There’s no question that the office sector within commercial real estate (CRE) has experienced significant changes. Hybrid work and a shift to collaborative, employee-centric spaces have made older assets less desirable, placing 30% of commercial properties at risk of becoming obsolete. Proactive investors have taken steps to modernize these assets, though the lack of vibrancy in locations no longer considered relevant has limited their appeal.
Rest assured, this isn’t the doom and gloom scenario it appears to be.
Capturing an Opportunity
In partnership with forward-thinking municipalities, savvy investors are pouring capital into revitalizing these assets and communities–repurposing buildings to meet today’s needs. And they’re doing so with much success. As of Spring 2022, the American Institute of Architects (AIA) noted that more than 50% of architecture firm billings came from renovation work, not new construction–a substantial increase from previous years.
While various types of adaptive reuse projects are occurring nationwide, the most popular for office space has been the conversion to multi-family residential. According to the National Apartment Association, 32,000 apartment conversions have occurred throughout the U.S. since 2020, with 40% of every converted apartment home occurring within vacated office buildings. With more than 4.3 million apartments needed by 2035 to address demand, deficit, and affordability, growing incentives to convert vacated office space into residential units are not that surprising.
In Chicago’s financial district, 5.0 million square feet of commercial space remains vacant. Their newly launched LaSalle Street Initiative is a bold response plan aimed at revitalizing the area by converting many of these spaces into housing and neighborhood-serving retail—creating community through a live, work, play model. Other cities, such as Philadelphia, Washington, D.C., New York, Cleveland and Los Angeles, have followed suit, offering initiatives designed to increase the housing supply and spark economic development.
While some may wonder if office space conversions will negatively impact the CRE industry, I have witnessed first-hand the overwhelmingly positive impact it has had on CRE (and the community at large) in downtown Dallas. The population has increased from just a few hundred in the 1990s to nearly 15,000 today. Noteworthy restaurants, museums, and attractions have made their way into the area. Best of all, with individuals ages 25-34 serving as downtown’s largest demographic, the talent pool is ripe—serving as a real draw for businesses.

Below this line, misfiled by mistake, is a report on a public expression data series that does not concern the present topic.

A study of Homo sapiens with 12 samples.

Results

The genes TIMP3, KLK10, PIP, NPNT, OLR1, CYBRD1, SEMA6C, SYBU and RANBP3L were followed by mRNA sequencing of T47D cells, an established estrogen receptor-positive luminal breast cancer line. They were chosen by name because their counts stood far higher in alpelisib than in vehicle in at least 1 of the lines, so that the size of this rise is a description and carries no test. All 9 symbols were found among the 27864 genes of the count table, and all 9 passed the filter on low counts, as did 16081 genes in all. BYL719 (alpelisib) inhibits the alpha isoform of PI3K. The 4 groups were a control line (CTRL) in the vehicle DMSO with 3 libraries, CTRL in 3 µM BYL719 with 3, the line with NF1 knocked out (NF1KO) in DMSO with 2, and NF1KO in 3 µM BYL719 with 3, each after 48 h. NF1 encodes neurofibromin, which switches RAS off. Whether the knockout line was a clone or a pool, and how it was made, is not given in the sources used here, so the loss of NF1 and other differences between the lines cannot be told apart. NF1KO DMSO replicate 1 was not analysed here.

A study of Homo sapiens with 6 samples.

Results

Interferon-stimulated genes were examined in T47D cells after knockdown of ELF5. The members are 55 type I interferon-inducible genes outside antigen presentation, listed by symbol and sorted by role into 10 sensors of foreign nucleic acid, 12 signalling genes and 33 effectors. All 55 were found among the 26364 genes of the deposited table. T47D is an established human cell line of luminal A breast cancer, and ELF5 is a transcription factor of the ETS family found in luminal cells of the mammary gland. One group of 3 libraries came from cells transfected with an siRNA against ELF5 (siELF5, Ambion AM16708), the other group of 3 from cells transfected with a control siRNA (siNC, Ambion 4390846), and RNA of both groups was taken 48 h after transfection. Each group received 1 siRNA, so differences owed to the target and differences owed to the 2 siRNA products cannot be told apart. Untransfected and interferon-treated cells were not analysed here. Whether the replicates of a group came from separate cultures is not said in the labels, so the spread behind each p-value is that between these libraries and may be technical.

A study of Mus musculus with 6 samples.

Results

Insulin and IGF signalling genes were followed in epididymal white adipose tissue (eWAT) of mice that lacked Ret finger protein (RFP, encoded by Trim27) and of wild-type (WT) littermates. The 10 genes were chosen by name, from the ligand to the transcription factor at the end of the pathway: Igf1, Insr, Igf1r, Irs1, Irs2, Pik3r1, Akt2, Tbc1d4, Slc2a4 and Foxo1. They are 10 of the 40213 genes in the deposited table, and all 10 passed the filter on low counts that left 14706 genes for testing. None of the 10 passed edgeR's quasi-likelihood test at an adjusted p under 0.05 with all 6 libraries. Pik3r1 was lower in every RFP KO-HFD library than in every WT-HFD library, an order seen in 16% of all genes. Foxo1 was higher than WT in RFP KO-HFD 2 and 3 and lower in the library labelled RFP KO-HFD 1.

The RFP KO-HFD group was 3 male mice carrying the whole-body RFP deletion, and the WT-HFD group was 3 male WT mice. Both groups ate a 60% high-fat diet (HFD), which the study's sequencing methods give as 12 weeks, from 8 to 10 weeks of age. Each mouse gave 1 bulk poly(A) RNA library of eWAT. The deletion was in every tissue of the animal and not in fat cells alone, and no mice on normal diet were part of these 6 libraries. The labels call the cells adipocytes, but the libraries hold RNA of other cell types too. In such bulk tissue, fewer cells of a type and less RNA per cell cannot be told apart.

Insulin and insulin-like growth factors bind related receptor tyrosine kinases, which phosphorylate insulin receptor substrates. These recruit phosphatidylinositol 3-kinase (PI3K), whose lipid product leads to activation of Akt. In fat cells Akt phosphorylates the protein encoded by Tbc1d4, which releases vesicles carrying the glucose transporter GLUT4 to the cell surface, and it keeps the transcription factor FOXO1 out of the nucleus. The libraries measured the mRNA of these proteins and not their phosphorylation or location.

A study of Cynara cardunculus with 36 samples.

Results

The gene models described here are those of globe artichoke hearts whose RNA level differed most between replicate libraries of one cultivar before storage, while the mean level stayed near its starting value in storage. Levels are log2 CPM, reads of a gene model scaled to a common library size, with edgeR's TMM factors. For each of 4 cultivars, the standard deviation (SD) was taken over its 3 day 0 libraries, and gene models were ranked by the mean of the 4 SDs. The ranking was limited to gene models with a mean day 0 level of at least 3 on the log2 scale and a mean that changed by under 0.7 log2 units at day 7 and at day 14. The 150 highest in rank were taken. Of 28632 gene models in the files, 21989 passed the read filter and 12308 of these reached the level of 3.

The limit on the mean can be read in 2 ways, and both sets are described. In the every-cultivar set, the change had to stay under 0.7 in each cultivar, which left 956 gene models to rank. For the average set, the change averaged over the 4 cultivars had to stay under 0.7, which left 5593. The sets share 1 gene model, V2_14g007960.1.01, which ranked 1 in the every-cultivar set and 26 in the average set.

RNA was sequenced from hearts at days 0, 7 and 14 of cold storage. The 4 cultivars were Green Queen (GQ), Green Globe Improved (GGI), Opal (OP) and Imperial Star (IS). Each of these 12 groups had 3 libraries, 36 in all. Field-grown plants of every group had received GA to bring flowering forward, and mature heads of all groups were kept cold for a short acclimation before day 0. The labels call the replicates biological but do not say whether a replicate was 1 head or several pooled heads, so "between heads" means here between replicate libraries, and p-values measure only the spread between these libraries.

It’s important to note that while multi-family housing may be ideal in certain metropolitan areas, it isn’t necessarily the answer for every asset or location.
Event spaces, for example, are proving to be just as valuable. These venues serve as a destination for personal and professional growth—hosting business conferences, music performances, art galleries, and more. In a world where experiences reign supreme, this substantially amplifies a region’s charm. Additional examples of successful conversions include e-commerce warehouses, self-storage units, medical facilities, educational facilities, and senior living residences—determined through an extensive analysis of local demographics, economic patterns, and market conditions.
Weighing the Pros and Cons
While environmental sustainability and economic regeneration may be top of mind when considering the benefits of adaptive reuse, numerous challenges exist. Structural systems are often arduous to bring up to code, and the implications to people or businesses attached to the asset can be difficult to navigate. However, during this season of economic uncertainty, where the cost of capital is high and construction prices continue to increase, the benefits of transforming an existing structure, combined with the right incentives to do so, carry a greater chance of outweighing most challenges.
Between adaptive reuse projects, new developments, and the demand for office space rising, it is truly an exciting time to be in CRE.
Rhett Miller is a Managing Director and Co-Lead for Stream’s Dallas Office Leasing team, where he is responsible for supporting and implementing innovative business development solutions that deliver best-in-class results for the firm and its clients.